Want to know why George Floyd’s murder last summer at the hands of cops caused protests all over the world? It’s because police brutality toward people of color isn’t just an American thing. Take a look at France, where filmmaker Ladj Ly filmed a police beating as a teen and used that as the basis for his thriller Les Misérables. More recently, French cops were caught on tape assaulting African refugees in a camp and a Parisian music producer in his studio. Each time, white authorities proclaimed their shock that officers of the law would express their racial prejudice so violently, and each time, Black and Arab French people were like, Pffft!

Into this environment steps Lupin, a French TV series where the main character is Black, which is rare enough in itself, but he is also one who is racially profiled at every turn by openly racist gendarmes and has to work against them. Like the Japanese manga series of the same name, Lupin takes its title from the pulpy adventure stories written by Maurice Leblanc at the start of the 20th century about a gentleman cat burglar named Arsène Lupin. Senegalese immigrant Assane Diop (Omar Sy) is a devoted reader of those stories in the present day. Back in 1995, his father (Fargass Assandé) worked as a chauffeur for a rich white family named Pellegrini. After being scapegoated following the theft of a diamond necklace on their property, he committed suicide in prison. Now Assane executes a series of bloodless crimes inspired by Lupin’s capers to provide for his teenage son (Etan Simon), possibly win back his ex-wife (Ludivine Sagnier — how I’ve missed watching her act), and uncover the real culprits from the long-ago jewel heist.

Omar Sy is best known in France for starring in the feel-good comedy The Intouchables, though you’re more likely to recognize him from his English-language roles in Jurassic World and X-Men: Days of Future Past. He and series creator George Kay make Assane into an engrossing action hero, a big man who can fight but prefers to operate by stealth, as well as a social chameleon who acts and dresses to blend in whether he’s with street thugs in the banlieues or celebrities at glitzy cocktail parties. He uses social media to bamboozle people in high places, and his facility with technology reaches frightening levels when he blackmails a crooked cop (Vincent Garanger) by making a deepfake video of the detective bragging about raping little boys. The role here gives Sy a chance to show nimbleness and agility (especially when he plants a stolen jewelry item during a violent struggle) as well as project the serene confidence of a man who gets himself sent to prison knowing that he can easily break out whenever he wishes.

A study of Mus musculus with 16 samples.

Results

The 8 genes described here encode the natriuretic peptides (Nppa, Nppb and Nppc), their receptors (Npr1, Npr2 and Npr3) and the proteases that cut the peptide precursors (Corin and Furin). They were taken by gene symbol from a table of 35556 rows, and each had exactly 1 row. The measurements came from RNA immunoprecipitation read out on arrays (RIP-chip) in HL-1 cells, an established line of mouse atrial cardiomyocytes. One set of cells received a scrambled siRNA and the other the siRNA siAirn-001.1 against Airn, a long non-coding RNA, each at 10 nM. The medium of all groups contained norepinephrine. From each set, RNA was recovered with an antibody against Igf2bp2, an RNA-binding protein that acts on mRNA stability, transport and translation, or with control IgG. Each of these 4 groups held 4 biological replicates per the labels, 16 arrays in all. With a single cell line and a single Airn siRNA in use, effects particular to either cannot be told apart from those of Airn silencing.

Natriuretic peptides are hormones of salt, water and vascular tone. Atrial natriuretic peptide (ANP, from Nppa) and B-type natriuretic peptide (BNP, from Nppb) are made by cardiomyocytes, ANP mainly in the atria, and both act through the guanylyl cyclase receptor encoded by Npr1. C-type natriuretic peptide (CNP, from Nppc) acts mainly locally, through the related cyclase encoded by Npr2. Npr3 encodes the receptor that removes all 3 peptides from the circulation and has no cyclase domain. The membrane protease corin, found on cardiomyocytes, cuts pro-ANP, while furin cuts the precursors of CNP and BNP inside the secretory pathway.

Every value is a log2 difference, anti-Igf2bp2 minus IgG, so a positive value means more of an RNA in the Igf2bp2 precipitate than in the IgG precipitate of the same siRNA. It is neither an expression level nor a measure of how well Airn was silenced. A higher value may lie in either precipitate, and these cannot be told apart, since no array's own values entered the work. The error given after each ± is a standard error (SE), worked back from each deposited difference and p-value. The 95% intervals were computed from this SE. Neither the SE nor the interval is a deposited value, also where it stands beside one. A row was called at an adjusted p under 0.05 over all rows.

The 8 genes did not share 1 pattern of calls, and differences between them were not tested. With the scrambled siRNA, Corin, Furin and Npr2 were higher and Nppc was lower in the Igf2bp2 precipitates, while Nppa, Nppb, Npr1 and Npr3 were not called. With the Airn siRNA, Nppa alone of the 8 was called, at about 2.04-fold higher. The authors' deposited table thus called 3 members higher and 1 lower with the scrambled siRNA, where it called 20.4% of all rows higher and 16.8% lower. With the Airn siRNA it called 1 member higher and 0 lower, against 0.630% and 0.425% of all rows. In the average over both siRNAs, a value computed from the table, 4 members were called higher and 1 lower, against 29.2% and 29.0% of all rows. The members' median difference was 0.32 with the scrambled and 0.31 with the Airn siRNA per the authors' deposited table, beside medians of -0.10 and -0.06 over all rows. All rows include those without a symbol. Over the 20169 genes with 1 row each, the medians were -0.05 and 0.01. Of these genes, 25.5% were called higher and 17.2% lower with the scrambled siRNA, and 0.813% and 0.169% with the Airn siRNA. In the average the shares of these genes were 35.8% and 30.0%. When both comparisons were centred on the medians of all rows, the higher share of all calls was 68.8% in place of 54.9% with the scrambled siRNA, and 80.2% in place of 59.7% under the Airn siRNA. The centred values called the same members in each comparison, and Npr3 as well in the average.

For all the show’s vibe of poofy escapism, it has points to make about racism in France, as Assane frequently slips beneath people’s notice by posing as servants, waiters, and other workers anonymous to the higher-ups. He trades places with an African prison inmate (Athaya Monkozi) whom he does not resemble in the least, and the only ones who notice are the other Black prisoners. The Pellegrinis are a formidable enemy, led by a patriarch (Hervé Pierre) who buys off cops and uses the mainstream media outlets that he owns to suppress Assane’s discoveries. The only police detective who’s worth anything is an Arab guy (Soufiane Guerrab).

The initial season consists of 10 episodes, but Netflix leaves off after the fifth one, with Assane and his ex-wife frantically searching for their son after he’s abducted at the Needle of Étretat, a pilgrimage site for Lupin fans. How this resolves remains to be seen this summer, when Netflix releases the last installments, or by contacting your TV-watching friends in France. I could stand to see Assane do more damage to the Pellegrinis than he has so far. Regardless, Lupin is not only an enjoyable show but also a sign that French entertainment is becoming a less white and more interesting place.